Regular correspondent Bob emailed a picture of a Damselfy he was having trouble identifying. The difficulty with Damselflies is that usually the male, female and immature examples are very different and are sometimes available in multiple colour forms beyond that. But also some species are remarkably similar and hard to pick apart.

However after a bit of a hunt I'm pretty sure it is either a female Azure damselfly or female Common blue damselfly (though the pictures on that last link don't show it, due to aforementioned variations).

Apparently the female Azure damselfly "can be distinguished from females of the Common blue damselfly by the absence of a spine below the 8th abdominal segment". Unfortunately the photo doesn't lend itself to making that judgement and I'm not entirely sure what to look for anyway, being unfamiliar with such spines. It can get pretty technical and into the really fine detail apparently! Are there any insect experts out there who can help?

Update: Thanks to S Barton who posted a comment with this great BBC page which has a couple of very clearly described and illustrated tips to tell Azure from Common blue. And with its help, our picture above is clearly an Azure.

29. May 2012 · 1 comment · Categories: Birds, News

Well, actually several moments/weeks too late if you ask me what my definition of Spring is!

The team are back on BBC 2 at 8pm in the evenings, having started yesterday. Can you believe the weather's been so good that I've been outdoors of an evening and missed all the trails on TV that presumably heralded its imminent arrival. Get your fix from the BBC Springwatch website.

This evening I watched a small Kingfisher pop out seven eggs that seemed to add up to more than its total volume. Apparently it actually took a week over it and the images were therefore a shade misleading, but still very impressive regardless. I'm pretty sure I couldn't do that. Egg laying has never been a strong suit of mine.

This medium-sized moth was on the train window this morning (on the inside) so I grabbed a quick picture. But what is it? I have confidence that an answer will be forthcoming via Twitter in 5..4..3..2..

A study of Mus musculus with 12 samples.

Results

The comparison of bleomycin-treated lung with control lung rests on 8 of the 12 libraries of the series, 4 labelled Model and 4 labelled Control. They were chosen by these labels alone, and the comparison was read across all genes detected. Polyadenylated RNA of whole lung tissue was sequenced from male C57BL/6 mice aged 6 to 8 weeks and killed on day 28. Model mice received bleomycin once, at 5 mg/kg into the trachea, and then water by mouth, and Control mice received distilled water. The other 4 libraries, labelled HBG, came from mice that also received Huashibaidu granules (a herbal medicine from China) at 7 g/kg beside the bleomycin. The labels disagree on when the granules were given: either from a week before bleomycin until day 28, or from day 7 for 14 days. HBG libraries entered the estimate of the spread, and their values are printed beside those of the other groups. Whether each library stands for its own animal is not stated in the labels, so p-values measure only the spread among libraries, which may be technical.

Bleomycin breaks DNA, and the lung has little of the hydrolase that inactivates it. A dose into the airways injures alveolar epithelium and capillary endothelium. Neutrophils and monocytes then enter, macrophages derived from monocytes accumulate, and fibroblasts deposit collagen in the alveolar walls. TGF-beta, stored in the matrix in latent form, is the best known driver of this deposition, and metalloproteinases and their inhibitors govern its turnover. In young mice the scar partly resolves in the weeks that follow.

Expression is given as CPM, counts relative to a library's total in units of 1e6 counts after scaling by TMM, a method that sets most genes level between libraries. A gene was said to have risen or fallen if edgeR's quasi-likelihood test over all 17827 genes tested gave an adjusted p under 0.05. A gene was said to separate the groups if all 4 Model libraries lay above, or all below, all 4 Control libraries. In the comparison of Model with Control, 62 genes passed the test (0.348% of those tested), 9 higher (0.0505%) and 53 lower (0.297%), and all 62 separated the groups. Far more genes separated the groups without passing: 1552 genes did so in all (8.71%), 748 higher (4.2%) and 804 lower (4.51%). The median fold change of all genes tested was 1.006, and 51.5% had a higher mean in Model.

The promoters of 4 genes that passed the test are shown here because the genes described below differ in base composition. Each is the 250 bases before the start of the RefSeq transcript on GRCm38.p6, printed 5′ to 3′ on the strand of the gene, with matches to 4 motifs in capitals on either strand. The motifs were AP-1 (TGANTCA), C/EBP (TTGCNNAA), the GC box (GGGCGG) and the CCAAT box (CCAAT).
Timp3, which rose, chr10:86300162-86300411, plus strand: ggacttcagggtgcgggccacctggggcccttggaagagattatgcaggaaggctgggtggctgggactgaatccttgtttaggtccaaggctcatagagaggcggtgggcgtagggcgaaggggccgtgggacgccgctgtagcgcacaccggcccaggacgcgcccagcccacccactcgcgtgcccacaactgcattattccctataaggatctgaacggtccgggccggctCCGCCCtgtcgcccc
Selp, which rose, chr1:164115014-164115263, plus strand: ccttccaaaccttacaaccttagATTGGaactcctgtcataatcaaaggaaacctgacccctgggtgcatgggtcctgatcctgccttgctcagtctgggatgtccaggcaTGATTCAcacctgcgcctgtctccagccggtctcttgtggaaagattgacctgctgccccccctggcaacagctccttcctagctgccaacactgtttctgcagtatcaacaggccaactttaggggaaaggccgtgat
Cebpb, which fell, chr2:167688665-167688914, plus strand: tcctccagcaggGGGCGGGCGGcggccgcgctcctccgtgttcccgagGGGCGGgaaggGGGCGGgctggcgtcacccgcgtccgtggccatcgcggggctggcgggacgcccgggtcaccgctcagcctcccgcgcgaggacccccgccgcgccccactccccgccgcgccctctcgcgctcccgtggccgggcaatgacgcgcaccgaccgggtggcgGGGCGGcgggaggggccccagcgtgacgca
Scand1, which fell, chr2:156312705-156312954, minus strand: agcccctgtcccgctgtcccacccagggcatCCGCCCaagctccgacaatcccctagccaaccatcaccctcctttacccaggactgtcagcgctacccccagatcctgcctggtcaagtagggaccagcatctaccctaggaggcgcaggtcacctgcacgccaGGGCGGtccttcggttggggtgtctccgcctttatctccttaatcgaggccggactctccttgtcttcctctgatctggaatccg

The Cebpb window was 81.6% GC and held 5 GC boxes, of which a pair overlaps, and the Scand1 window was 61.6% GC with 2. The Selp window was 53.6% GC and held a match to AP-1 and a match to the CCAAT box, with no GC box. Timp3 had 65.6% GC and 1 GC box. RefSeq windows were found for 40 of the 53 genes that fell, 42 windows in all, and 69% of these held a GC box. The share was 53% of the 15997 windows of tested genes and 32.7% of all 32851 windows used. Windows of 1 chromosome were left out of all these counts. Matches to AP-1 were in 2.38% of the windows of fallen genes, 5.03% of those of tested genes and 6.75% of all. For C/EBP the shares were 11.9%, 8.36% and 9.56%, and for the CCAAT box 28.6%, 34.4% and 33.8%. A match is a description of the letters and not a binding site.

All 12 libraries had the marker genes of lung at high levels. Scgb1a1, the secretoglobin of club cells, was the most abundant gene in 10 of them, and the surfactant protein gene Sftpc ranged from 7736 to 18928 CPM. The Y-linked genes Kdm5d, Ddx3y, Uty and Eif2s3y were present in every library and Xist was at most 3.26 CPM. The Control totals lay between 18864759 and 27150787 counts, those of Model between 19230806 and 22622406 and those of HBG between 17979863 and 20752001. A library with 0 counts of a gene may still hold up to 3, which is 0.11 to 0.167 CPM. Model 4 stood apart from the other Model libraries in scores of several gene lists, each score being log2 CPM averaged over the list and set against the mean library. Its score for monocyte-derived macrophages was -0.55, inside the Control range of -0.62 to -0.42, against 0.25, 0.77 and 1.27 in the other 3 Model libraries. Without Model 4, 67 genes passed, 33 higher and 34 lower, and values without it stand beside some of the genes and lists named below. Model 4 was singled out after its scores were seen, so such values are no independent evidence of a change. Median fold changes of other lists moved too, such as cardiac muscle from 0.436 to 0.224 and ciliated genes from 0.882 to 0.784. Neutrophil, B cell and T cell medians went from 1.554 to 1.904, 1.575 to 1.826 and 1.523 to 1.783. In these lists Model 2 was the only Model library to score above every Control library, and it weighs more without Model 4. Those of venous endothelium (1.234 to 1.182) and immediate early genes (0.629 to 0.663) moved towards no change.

My what lengthy antennae you have! This must be a male Green longhorn moth (Adela reaumurella) sitting on an ivy leaf. The caterpillars are apparently more interested in decomposing leaves, of which there were plenty on the ground beneath. Intriguingly, UK Moths' page on it says the caterpillar lives in a portable case. This I must see.


I found this handsome brute of a beetle crawling through my train carriage this morning. You can just see First Capital Connect's lovely seat fabric on the right. At 30mm long and very heavily built, I imagine this Cockchafer (for that is what it is) would have scared the beejesus out of some commuters, but I coaxed it onto some paper so I could lift it up and get a good photo. Then I freed it through the window.

This next picture is a bit blurry but shows some key features rather well when seen in profile: the very fat body; the white sawtooth pattern peeking out from under the wing cases; the pointy pygidium; the antennae with fans of leaves.



I speculated a little while back on whether many bugs would struggle because of the endless downpours of the last month or two. The BBC comes along with an answer: yes, especially honeybees and butterflies. Bumble bees are however a more 'native' species and adapted to our climate and survive better. And it hardly needs mentioning that slugs and snails are having a field day. Don't my Hostas know it!

Apparently the early bird catches several worms. Or a single very big one folded up.

I just realised I don't have a blog category for worms. I had to look it up but they're annelids (not molluscs for instance) but I can't bring myself to create a category just for that. Any suggestions?

Here are some things I've noticed recently:

  • It's still wet. Very wet, but at least we get the odd half day of respite, and sometimes even a full day before it tips it down again.
  • Birds are flocking back to garden feeders over the last week or two, at least in my garden. Blue tits, Great tits, Chaffinches and Robins in particular. They were notably absent for the month or so before. Is is the wet weather that's forcing them to the feeders?
  • Plants are springing up at a ferocious rate. The wet and warm weather with occasional bursts of sunshine seems to be just perfect for rapid growth.
  • There aren't so many bees, wasps and butterflies to be seen since the droughtmonsoon began, presumably because the weather is keeping them off the wing.
  • Ants don't seem to be especially phased by the weather.